Recently, R.J. Rummel looked at

and concluded that if x

Bryan Caplan replied:

One can easily see that the coefficient's variance is increasing in the squared correlation coefficient between the two explanatory variables (r

Maybe that's what Rummel ment with "stealing". Rummel then suggests to run two bivariate regression for each explanatory variable. What is somehow forgotten in the whole discussion is that correlation among regressors is actualy the only reason why we run a multiple regression in the first place. We care about net effects! When the true model contains two explanatory variables but we only include one explanatory variable the resulting slope would be biased (see my story about the omitted variable bias). A valid critique would be that the two variables in our regression are actually generated by a third variable which we do not observe, i.e. they are proxies for the same thing. In this case our model (with two regressors) is wrong/misspecified. The only solution to this problem is 1. to use more data and 2. to think harder about how our world works.

and concluded that if x

_{1}and x_{2}are highly correlated, the estimate of one coefficient, say β_{1}, could be large at the expense of of β_{2}. He actually spoke of "stealing".Bryan Caplan replied:

People who use statistics often talk as if multicollinearity (high correlations between [explanatory] variables) biases results. But it doesn't. Multicollinearity leads to big standard errors, but if your [explanatory] variables are highly correlated, theyTo put is more formally: If the true model contains two explanatory variables and a constant, the formula for the variance of the slope coefficients looks as follows:SHOULD be big! Intuitively, big standard errors mean that the effects of different variables are highly uncertain, and if your [explanatory] variables are highly correlated, highly uncertain is what you should be.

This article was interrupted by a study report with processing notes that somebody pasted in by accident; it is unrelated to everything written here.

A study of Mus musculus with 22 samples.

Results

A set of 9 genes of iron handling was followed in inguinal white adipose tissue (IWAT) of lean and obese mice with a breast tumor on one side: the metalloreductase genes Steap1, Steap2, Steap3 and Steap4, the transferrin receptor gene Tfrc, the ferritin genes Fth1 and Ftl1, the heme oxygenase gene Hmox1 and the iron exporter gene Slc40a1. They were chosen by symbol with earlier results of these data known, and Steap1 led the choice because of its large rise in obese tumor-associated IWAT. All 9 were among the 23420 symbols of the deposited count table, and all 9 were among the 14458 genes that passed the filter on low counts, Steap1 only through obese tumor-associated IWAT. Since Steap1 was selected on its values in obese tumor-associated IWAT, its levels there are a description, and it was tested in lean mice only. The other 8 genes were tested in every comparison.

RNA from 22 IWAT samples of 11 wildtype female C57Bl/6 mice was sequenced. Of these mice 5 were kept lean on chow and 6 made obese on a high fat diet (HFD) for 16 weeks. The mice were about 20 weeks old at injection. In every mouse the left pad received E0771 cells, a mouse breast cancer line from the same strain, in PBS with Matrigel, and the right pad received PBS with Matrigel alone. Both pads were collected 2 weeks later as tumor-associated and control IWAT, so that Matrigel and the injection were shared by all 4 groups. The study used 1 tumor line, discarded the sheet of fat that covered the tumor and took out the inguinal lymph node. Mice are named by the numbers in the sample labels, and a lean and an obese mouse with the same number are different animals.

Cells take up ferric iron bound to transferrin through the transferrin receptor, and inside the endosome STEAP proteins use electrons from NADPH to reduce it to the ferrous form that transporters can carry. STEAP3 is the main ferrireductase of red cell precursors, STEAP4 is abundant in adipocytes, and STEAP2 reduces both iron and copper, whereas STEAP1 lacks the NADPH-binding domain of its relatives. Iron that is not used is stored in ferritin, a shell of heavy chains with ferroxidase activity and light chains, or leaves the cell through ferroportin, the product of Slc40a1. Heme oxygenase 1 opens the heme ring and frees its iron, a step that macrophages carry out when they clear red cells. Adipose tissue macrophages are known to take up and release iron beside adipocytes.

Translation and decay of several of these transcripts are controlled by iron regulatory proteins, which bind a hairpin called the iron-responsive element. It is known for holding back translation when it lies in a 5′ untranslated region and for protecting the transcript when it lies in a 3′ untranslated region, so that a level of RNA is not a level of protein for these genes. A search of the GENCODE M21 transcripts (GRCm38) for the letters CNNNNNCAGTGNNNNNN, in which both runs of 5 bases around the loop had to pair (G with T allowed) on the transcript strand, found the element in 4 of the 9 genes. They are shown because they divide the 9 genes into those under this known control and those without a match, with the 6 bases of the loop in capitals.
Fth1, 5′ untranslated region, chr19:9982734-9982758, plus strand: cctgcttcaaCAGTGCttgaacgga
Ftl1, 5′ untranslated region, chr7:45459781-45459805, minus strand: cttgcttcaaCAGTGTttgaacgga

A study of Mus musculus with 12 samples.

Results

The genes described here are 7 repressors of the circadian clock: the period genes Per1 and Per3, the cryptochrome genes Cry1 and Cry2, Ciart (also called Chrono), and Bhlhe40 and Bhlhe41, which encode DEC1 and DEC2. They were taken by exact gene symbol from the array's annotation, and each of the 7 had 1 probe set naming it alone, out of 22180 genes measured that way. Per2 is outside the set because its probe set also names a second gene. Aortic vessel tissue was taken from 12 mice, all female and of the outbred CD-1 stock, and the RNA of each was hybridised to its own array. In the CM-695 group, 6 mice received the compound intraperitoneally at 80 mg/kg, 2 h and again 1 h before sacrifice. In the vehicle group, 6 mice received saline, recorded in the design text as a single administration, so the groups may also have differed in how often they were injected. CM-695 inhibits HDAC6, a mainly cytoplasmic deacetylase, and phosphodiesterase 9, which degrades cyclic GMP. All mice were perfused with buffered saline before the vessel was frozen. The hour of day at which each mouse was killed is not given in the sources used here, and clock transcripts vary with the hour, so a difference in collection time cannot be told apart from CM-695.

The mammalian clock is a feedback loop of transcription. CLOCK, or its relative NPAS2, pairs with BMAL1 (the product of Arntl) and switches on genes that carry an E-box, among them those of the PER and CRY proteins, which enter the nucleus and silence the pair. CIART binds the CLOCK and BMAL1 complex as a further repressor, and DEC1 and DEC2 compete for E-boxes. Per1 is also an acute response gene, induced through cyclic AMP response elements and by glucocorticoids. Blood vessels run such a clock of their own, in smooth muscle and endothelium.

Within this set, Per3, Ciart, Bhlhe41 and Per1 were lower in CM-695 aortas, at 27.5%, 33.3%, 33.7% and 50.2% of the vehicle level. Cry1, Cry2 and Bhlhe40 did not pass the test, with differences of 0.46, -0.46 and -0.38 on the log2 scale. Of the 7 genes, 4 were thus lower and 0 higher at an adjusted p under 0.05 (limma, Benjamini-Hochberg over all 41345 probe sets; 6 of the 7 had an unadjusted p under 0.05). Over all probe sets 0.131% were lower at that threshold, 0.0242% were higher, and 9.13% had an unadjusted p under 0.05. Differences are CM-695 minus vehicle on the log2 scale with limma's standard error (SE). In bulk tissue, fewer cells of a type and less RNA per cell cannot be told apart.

One can easily see that the coefficient's variance is increasing in the squared correlation coefficient between the two explanatory variables (r

_{12}). This is why correlated regressors could make all coefficients insignificantly different from zero (tested one at a time). But what's more interesting is that a positve correlation between the regressors leads to a negative correlation between the estimated coefficients (this is why the complete set of regressors can be jointly significant although individual regressors are insigificantly different from zero):Maybe that's what Rummel ment with "stealing". Rummel then suggests to run two bivariate regression for each explanatory variable. What is somehow forgotten in the whole discussion is that correlation among regressors is actualy the only reason why we run a multiple regression in the first place. We care about net effects! When the true model contains two explanatory variables but we only include one explanatory variable the resulting slope would be biased (see my story about the omitted variable bias). A valid critique would be that the two variables in our regression are actually generated by a third variable which we do not observe, i.e. they are proxies for the same thing. In this case our model (with two regressors) is wrong/misspecified. The only solution to this problem is 1. to use more data and 2. to think harder about how our world works.

Mahalanobis - am 2005-09-23 15:14 - Rubrik: mathstat

Paul N (guest) meinte am 27. Sep, 08:18:

Good post. By the way, I wish there a job where I could do "2." all day long and get paid for it.